Fraud Updates

February 25th 2011


We’re happy to report that Ontario’s Halton Regional Police announced several arrests in relation to a cross-boarder telephone fraud known as the “Grandson Scam”, or “Emergency Scam”.

In this scam, the fraudster telephones an elderly person and pretends to be a relative, often a grandchild. They tell the victim that they are on vacation away from home, have been arrested by police, and need money in order to be released from jail. A second person will then talk to the victim, claiming to be a lawyer or police officer and give the victim instructions on how much money to send and where the money should be sent.

The scammer promises to pay the grandparent back as soon as they are out of trouble, and also pleads with the victim not to tell anyone else in the family due to embarrassment or fear of getting into further trouble with relatives. By the time the grandparent speaks to a family member about the incident, and discovers that the story is false, the money has already been picked up by the fraudsters.

Click on this link to see an actual script used by Grandson Scam perpetrators.

The dollar figure losses connected to the Emergency Scam are astounding. Police estimate that since November 2010, this particular operation alone has been responsible for an estimated $3 Million in fraudulent takings. The perpetrators were making an average of 200 calls per day, successfully targeting 15 to 20 victims and defrauding them of between $2,500 to $6,000 each.

“The Emergency Scam targets seniors, one of our most vulnerable populations, and cruelly plays upon their emotions to bilk them out of thousands of dollars,” said Chief Gary Crowell of the Halton Regional Police Service. “To compound matters, it is estimated that less than five percent of victims report this crime to police, because many of them feel embarrassed that they were tricked by these criminals.”

The Halton Regional Police Service urges people to speak to their elderly family members in mind the following tips to avoid becoming a victim of this scam:

• If someone calls claiming to be a relative, ask them to identify themselves first – do not volunteer names or any other information.
• In some cases, the fraudster will have obtained the first name of a grandchild through a social networking site, obituary or other published information. To further verify their identity, ask them a personal question only your grandchild could answer such as the full names and dates of birth of their parents or siblings.
• Ask the caller for a call back number. This gives you time to verify their story. Be very suspicious if the caller refuses.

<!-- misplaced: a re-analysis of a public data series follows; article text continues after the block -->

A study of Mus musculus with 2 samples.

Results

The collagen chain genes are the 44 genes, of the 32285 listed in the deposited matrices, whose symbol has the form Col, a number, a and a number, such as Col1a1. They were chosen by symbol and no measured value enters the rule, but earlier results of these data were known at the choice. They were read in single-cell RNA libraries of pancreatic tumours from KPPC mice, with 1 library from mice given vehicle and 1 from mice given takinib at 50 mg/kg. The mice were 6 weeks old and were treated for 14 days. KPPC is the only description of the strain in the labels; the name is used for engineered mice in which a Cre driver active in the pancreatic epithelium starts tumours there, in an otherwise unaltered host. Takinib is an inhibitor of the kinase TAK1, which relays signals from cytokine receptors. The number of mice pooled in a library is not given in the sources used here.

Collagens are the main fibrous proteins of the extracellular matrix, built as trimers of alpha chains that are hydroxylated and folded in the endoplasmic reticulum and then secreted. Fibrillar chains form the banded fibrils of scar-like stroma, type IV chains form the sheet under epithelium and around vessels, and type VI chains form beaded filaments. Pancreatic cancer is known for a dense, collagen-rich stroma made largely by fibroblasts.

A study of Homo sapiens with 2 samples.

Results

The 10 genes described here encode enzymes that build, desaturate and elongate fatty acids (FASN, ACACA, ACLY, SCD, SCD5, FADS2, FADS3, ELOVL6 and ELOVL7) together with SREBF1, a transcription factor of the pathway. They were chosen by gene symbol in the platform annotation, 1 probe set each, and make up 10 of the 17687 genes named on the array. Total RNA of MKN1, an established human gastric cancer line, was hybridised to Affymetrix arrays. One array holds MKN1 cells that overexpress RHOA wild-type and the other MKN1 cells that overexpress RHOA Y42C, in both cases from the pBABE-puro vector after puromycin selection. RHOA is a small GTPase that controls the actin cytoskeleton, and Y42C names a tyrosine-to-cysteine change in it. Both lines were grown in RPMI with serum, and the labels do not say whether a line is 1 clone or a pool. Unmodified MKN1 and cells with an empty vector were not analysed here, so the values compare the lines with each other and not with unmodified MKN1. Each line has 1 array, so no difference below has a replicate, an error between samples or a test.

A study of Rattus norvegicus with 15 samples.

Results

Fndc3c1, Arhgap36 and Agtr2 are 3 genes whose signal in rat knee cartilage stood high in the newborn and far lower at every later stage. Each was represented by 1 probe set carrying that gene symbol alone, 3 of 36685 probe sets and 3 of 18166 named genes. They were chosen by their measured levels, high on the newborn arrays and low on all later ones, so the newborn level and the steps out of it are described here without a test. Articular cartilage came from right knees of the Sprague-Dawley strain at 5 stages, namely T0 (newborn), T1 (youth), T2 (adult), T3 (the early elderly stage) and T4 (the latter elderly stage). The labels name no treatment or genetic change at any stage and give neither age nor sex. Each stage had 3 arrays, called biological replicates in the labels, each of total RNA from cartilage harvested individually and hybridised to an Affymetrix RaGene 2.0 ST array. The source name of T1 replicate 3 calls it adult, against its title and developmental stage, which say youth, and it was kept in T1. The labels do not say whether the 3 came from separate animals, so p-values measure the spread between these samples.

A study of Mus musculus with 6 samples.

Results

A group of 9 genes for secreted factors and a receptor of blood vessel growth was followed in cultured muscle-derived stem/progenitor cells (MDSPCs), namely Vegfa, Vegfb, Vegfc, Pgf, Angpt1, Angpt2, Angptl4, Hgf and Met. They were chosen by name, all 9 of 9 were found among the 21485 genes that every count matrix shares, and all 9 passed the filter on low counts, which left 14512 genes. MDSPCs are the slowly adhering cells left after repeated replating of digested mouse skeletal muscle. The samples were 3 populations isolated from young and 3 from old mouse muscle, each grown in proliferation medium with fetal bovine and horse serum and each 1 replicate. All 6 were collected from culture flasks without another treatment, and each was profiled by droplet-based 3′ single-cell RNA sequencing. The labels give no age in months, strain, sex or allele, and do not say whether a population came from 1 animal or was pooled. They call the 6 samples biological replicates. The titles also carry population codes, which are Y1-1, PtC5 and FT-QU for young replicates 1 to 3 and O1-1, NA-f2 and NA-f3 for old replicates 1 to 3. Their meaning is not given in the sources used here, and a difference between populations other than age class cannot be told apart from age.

• Speak to another family member about the matter to confirm the facts before deciding whether or not to provide assistance.

Watch out for Bogus Emails at Tax Time

Nothing might get your attention more than an email from the Tax Man telling you that the Government owes you some money… or worse, that you owe them. With tax filing day around the corner, scammers are looking to steal your Social Insurance Number and Birth Date, through a new Phishing scam. Phishing email messages are designed to steal your identity. They ask for personal data, or direct you to websites or phone numbers to call where they ask you to provide personal data. A few clues can help you spot fraudulent email messages or links within them.
• They might appear to come from your bank or financial institution, a company you regularly do business with, such as Microsoft, or from your social networking site.
• They might appear to be from someone you in your email address book.
• They might ask you to make a phone call. Phone phishing scams direct you to call a phone number where a person or an audio response unit waits to take your account number, personal identification number, password, or other valuable personal data.
• They might include official-looking logos and other identifying information taken directly from legitimate websites, and they might include convincing details about your personal history that scammers found on your social networking pages.
• They might include links to spoofed websites where you are asked to enter personal information.

Take a look at this phony but realistic web page posted by scammers asking for your SIN, to “verify” your information so that you can collect your overpayment to CRA.